The NYPD Claimed Its LRAD Sound Cannon Isn't A Weapon. A Judge Disagreed - Gothamist

Gunnar Larson g at
Sun Feb 12 05:46:27 PST 2023

The NYPD Claimed Its LRAD Sound Cannon Isn't A Weapon. A Judge Disagreed
A portable LRAD noise cannon was used to suppress protesters on the
one-year anniversary of Eric Garner's killing
Scott Heins / Gothamist
Nathan Tempey
Published Jun 1, 2017

Modified Jun 1, 2017

A judge has ruled that a lawsuit against the NYPD for officers' use of a
Long Range Acoustic Device sound cannon at a Black Lives Matter protest can
proceed, because "sound can be used as a force."

The city had sought to get the federal lawsuit thrown out in part on the
basis that "the LRAD is not an instrumentality of force, but a
communication device," and that "the officers' creation of a sound that
plaintiffs happened to hear cannot be considered 'physical contact.'"

The lawsuit stems from a demonstration in Midtown in December 2014 in
response to a grand jury's decision not to indict Officer Daniel Pantaleo,
one of several cops who killed Eric Garner in Staten Island. The evening
protest bled into early the next morning, and around 1 a.m. at East 57th
Street and Madison Avenue, marchers were gathered in the street, and some
in the crowd were throwing bottles and garbage at police when two officers
with the NYPD Disorder Control Unit activated the LRAD.

Video from the protest captures part of the chaotic scene.

"You must remain on the sidewalk. You must not interfere with vehicular
traffic," one officer repeats into the microphone as the other holds the
portable sound device, occasionally activating its "deterrent tone" and
pointing it at people on the sidewalk. "If you do, you will be placed into

One clip shows the officers use the sound blast more than a dozen times in
2 1/2 minutes.

The plaintiffs, two photojournalists, three protesters, and a videographer,
say they experienced migraines and severe ringing in their ears in the
immediate aftermath of the protest. Three reported experiencing continued
ringing in their ears as of last August, and a fourth suffered nerve damage
in his ear as a result of the blasts, according to the suit.

The LRAD was developed as a military sound weapon following the 2000 attack
on the USS Cole in Yemen. Police departments have since acquired the
devices to use for crowd control. The NYPD first used one to make
announcements during the 2004 protests against the Republican National
Convention. In 2009, Pittsburgh police used the LRAD's high-deciblel weapon
function against protesters at the G-20 financial summit.

In a 2010 briefing, the NYPD Disorder Control Unit described the Pittsburgh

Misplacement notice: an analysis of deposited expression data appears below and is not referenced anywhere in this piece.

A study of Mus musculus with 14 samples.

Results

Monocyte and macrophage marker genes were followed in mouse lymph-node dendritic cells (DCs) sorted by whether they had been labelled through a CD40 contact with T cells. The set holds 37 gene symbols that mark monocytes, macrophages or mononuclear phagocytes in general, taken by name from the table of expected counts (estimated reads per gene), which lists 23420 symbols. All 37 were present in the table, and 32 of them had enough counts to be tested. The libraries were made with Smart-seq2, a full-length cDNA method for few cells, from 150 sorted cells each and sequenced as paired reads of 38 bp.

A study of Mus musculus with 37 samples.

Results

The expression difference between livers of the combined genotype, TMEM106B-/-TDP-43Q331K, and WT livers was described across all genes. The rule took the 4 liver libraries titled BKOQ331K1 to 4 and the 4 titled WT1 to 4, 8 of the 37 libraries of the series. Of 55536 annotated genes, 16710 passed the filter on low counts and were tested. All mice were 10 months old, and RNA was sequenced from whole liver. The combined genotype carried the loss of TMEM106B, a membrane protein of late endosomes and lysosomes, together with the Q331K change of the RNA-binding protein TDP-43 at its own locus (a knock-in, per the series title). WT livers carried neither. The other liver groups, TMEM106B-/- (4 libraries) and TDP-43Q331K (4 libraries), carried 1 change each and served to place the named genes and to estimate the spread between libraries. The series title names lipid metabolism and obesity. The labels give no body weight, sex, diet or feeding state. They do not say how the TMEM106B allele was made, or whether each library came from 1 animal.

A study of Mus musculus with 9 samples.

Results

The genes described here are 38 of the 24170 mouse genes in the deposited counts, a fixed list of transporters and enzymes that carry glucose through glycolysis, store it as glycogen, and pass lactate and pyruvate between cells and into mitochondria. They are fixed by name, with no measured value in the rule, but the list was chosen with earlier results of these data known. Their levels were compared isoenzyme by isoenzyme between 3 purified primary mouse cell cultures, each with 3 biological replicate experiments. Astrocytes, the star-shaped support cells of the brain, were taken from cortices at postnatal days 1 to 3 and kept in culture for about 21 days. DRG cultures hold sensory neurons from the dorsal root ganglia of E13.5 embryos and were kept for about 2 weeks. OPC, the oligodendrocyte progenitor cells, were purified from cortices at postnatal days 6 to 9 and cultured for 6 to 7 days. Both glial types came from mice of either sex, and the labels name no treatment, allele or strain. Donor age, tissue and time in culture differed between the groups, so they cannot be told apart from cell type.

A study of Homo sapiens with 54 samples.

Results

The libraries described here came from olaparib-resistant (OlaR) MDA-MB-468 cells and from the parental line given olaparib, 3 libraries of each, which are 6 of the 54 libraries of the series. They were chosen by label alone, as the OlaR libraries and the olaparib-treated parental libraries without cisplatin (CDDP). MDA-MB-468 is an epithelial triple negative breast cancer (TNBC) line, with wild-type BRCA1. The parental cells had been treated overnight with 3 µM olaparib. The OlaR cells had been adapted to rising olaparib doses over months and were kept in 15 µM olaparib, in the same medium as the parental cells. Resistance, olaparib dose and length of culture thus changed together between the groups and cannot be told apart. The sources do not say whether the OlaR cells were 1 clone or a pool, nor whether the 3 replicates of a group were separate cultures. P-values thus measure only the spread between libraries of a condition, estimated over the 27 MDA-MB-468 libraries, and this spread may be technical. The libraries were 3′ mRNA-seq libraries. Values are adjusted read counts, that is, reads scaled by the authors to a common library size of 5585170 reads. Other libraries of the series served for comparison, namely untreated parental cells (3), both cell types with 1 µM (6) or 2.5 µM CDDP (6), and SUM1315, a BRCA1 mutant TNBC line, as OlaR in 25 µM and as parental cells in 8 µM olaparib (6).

deployment by saying the LRAD was "used successfully." However, as lawyers
for the Black Lives Matter protesters note, Pittsburgh paid $200,000 to
settle litigation stemming from its handling of the protest, including
$72,000 to a bystander who suffered permanent hearing loss from the LRAD.

The backpack-sized LRAD 100x used by the NYPD in 2014 can emit sounds up to
137 decibels, according to marketing materials. Exposure to sound levels
over 85 decibels can cause hearing loss, according to the National
Institute for Occupational Safety and Health.

"This is force, and the kind which could be used excessively," Judge Robert
Sweet wrote in a decision. Sweet threw out some of the claims, but allowed
the lawsuit to proceed, and strongly suggested that those blasted with the
LRAD seem to have a case.

"Literally the city argued that loud sounds can't constitute a use of
force," lawyer Gideon Oliver told Gothamist. "At the bare minimum, the
judge has clarified that this isn't factually or legally correct and that
should guide the police department going forward."

The written decision appears to be the first regarding the use of LRADs in
the U.S.

In addition to arguing that the sound machine is not a weapon, city lawyers
wrote that its use at the Garner protest did not constitute an unreasonable
seizure of the plaintiffs, did not "shock the conscience," a legal
standard, and did not curtail their constitutional rights. Sweet allowed
claims of assault and the NYPD's failure to train its officers to proceed,
as well as the claim of excessive force.

On top of financial damages, Oliver and other lawyers from the National
Lawyers Guild are arguing that the NYPD seems not to have had any policies
or training in place for the use of LRADs at the time of the protest, and
should come up with some that keep the department from using the machines
indiscriminately on crowds at close range.

Now that Sweet has denied the city's motion to toss the case, the NYPD must
turn over more information about its policies or lack thereof, and the
events of the night of the demonstration, and make officers available to be
interviewed. The city could also settle, and Oliver said that the decision
"strongly suggests that the city should go that route rather than
continuing through the discovery process to trial."

In a statement, Law Department spokesman Nicholas Paolucci wrote, "The Long
Range Acoustic Device is an effective and safe communication tool. We are
reviewing the decision and evaluating our next steps."